So you’ve created a wildly successful restaurant, and you’re just beginning to have some semblance of stability and free time again. Is it time to expand and build another location? At last night’s Culintro panel on restaurant expansion, three prominent chefs tackled that question and more. Danny Bowien (Mission Chinese), Andy Ricker (Pok Pok) and Michael White (Marea, Ai Fiori, Osteria Morini, Nicoletta) collectively shared their insights and mused on why anyone would decide to “go do the hardest thing in the world—open a restaurant in New York.”
After all, opening and running a restaurant is asking for unexpected kinks and surprises every day. “You wake up in the morning wondering if today is the day you get your ass handed to you,” Ricker noted wryly. “The job is basically problem solving. It’s being able to grasp a whole lot of things happening at once.” That global vision is what makes a chef and restauranteur. “It’s not just cooking—you’ve got to know about electricity, basic engineering, and when something breaks, you can’t call someone because he’ll come three hours later and you need it fixed now.” Bowien agreed and offered some optimism: “All the challenges—if you can just power through them, it’ll work out. When we were getting reviewed by the New York Times, I was flying back from Copenhagen, and just after I landed, someone texted to say the New York Times is here…and so is the health department. I was having a heart attack! But you just have to power through it all.”
So when do you know it’s time to expand? Most people don’t set out to build restaurant empires, but it becomes clear when the timing is right to grow. “When your restaurant is very successful, you have a sort of political capital, and you either spend it or you don’t—you sh*t or get off the pot,” said Ricker. “You reach a point where you have ideas that don’t fit in the current template. If there’s interest and political capital, the door just opens up.” Over the course of the evening, Ricker, Bowien and White batted ideas and shared the following lessons for aspiring chefs and restauranteurs (or any entrepreneur):
Take care of your employees: You can’t grow your business without help. “It’s all about the people that work for you,” said White. “Marea has 149 employees; it’s those people working very hard every day, carrying out your vision. I couldn’t be here tonight if I hadn’t worked very hard for the 15 years before this.” Bowien explained that he knew his restaurant in San Francisco was in good hands because he’s worked with the chef for 10 years. “It’s about finding those people and holding on to them,” he said. Doing so requires taking on much more responsibility, far beyond what’s required as a line cook. “It’s like growing up,” said Bowien. “Being a chef is knowing you have people you’re responsible for, and that you have to pay them so they can support their families.”
Get it right from the beginning: In an era of trend-focused food media, Yelp and blogs, it’s crucial to start on the right foot. “You don’t have a lot of time to get it figured out,” said Ricker. “The critics are there right away, your rent is through the roof, and you have very little time to get your poop in a
groove group*.” Having strong media presence is great, but only if you have substance to back it up. “If you come in with a lot of PR and you suck, it’s even worse—it’s like you suck squared,” said Ricker.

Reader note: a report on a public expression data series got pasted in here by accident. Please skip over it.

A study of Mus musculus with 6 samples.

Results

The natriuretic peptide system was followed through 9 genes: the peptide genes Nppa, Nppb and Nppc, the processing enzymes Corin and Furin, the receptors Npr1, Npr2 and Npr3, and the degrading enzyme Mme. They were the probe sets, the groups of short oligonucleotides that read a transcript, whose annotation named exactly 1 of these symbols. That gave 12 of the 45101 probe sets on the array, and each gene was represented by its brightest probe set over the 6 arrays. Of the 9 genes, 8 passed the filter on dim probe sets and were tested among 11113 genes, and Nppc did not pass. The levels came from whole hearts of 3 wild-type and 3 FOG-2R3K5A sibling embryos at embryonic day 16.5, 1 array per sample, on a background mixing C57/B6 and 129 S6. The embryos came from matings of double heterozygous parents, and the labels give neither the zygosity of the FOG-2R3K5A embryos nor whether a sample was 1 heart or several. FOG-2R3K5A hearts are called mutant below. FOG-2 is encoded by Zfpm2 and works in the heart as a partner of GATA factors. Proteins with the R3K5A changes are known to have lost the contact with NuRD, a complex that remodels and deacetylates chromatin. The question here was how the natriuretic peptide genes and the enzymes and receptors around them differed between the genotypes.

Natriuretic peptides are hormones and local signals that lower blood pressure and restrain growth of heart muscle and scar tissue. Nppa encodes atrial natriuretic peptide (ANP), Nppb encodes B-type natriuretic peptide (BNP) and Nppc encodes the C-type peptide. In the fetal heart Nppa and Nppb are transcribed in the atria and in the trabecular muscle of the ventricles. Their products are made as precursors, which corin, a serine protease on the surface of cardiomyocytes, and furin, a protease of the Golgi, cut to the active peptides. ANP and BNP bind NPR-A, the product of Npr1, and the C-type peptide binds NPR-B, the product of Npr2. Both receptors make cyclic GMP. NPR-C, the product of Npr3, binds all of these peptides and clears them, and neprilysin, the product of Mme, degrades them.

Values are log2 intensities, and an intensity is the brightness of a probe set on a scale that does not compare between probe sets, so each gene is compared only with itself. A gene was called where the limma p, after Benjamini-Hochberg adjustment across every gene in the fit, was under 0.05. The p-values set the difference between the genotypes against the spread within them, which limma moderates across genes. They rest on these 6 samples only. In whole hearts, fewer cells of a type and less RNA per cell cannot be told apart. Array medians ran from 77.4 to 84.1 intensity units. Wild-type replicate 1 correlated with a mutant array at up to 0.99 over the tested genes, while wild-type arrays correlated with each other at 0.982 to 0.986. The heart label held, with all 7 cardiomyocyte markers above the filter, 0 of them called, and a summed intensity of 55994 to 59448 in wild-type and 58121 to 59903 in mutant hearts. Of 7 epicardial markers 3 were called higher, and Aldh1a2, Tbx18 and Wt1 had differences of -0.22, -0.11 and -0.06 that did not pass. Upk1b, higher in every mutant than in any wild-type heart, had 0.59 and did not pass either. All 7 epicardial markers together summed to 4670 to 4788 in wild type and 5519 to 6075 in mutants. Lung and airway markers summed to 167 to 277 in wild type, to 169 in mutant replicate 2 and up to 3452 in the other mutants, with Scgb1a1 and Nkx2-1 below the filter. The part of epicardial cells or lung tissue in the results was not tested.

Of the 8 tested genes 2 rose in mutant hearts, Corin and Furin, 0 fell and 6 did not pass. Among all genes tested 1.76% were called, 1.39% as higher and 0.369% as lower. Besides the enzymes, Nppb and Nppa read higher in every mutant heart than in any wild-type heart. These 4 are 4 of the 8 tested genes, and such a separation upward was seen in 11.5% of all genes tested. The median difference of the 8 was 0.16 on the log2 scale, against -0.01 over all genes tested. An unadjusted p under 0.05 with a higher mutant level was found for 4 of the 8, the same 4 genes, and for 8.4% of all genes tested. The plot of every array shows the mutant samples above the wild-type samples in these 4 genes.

Be a neighborhood restaurant: In the end, once the buzz has died down and the bloggers are no longer rabid about your restaurant, you have to understand your market and neighborhood. “I know it sounds crazy,” said White, “but Marea is a neighborhood restaurant. We have people who eat there 3x a week.” These are the people who will support and sustain your business once the media attention has faded. “There’s people who own multiple restaurants and never get media attention,” said Ricker. “And they’re very, very successful restauranteurs.” In the end, it’s all about the customers calling the shots. “You just have to be really f***king nice,” said Bowien. “If they want to pay for it vegan, we’ll make it vegan.” Ricker advocated diplomacy: “You have to find a way of saying no by saying yes.”
Embrace technology: In an age of web apps and smartphones, it’s no surprise that technology was touted as a way to manage far-flung business locations and global staff. Skype and Google Docs were mentioned as tools to ease communication and share information. Bowien described his more unorthodox method to connect his kitchens: “We have the ghettoist system—Thomas Keller has TV screens in his kitchens where they can talk to each other, so we thought, we can do that. We bought two iPads, set them on FaceTime full-time, Saran-wrapped them and taped them to the wall!” Of course, technology is only valuable if it works for your business. “Technology is not the ultimate answer,” Ricker cautioned. “It always has unintended consequences.” He explained that at Pok Pok, “We on occasion have a wait, so we have a system to get our diners back by texting diners. But what we didn’t anticipate was diners not having good reception, or not checking phones, so we’d call them anyway. Plus, people thought it was too impersonal. So we stopped using it.”
In the end, while the challenges are vast, the rewards of running a restaurant (or five) are immensely satisfying. “I pinch myself every day,” said Bowien. “I still dork out when I run into Wylie [Dufresne] on the street–I’m saying, ‘Oh my god!’ When we came to New York, we didn’t have an agenda, we just didn’t want to fail.” I think we can all agree that these three chefs are not only succeeding, but pushing the limits of restaurant ownership to unprecedented heights.
*Post has been updated to correct a misheard phrase. Apparently the colloquialism is “poop in a group”–I’m unfamiliar with this and apologize for any confusion about Andy Ricker’s septic system.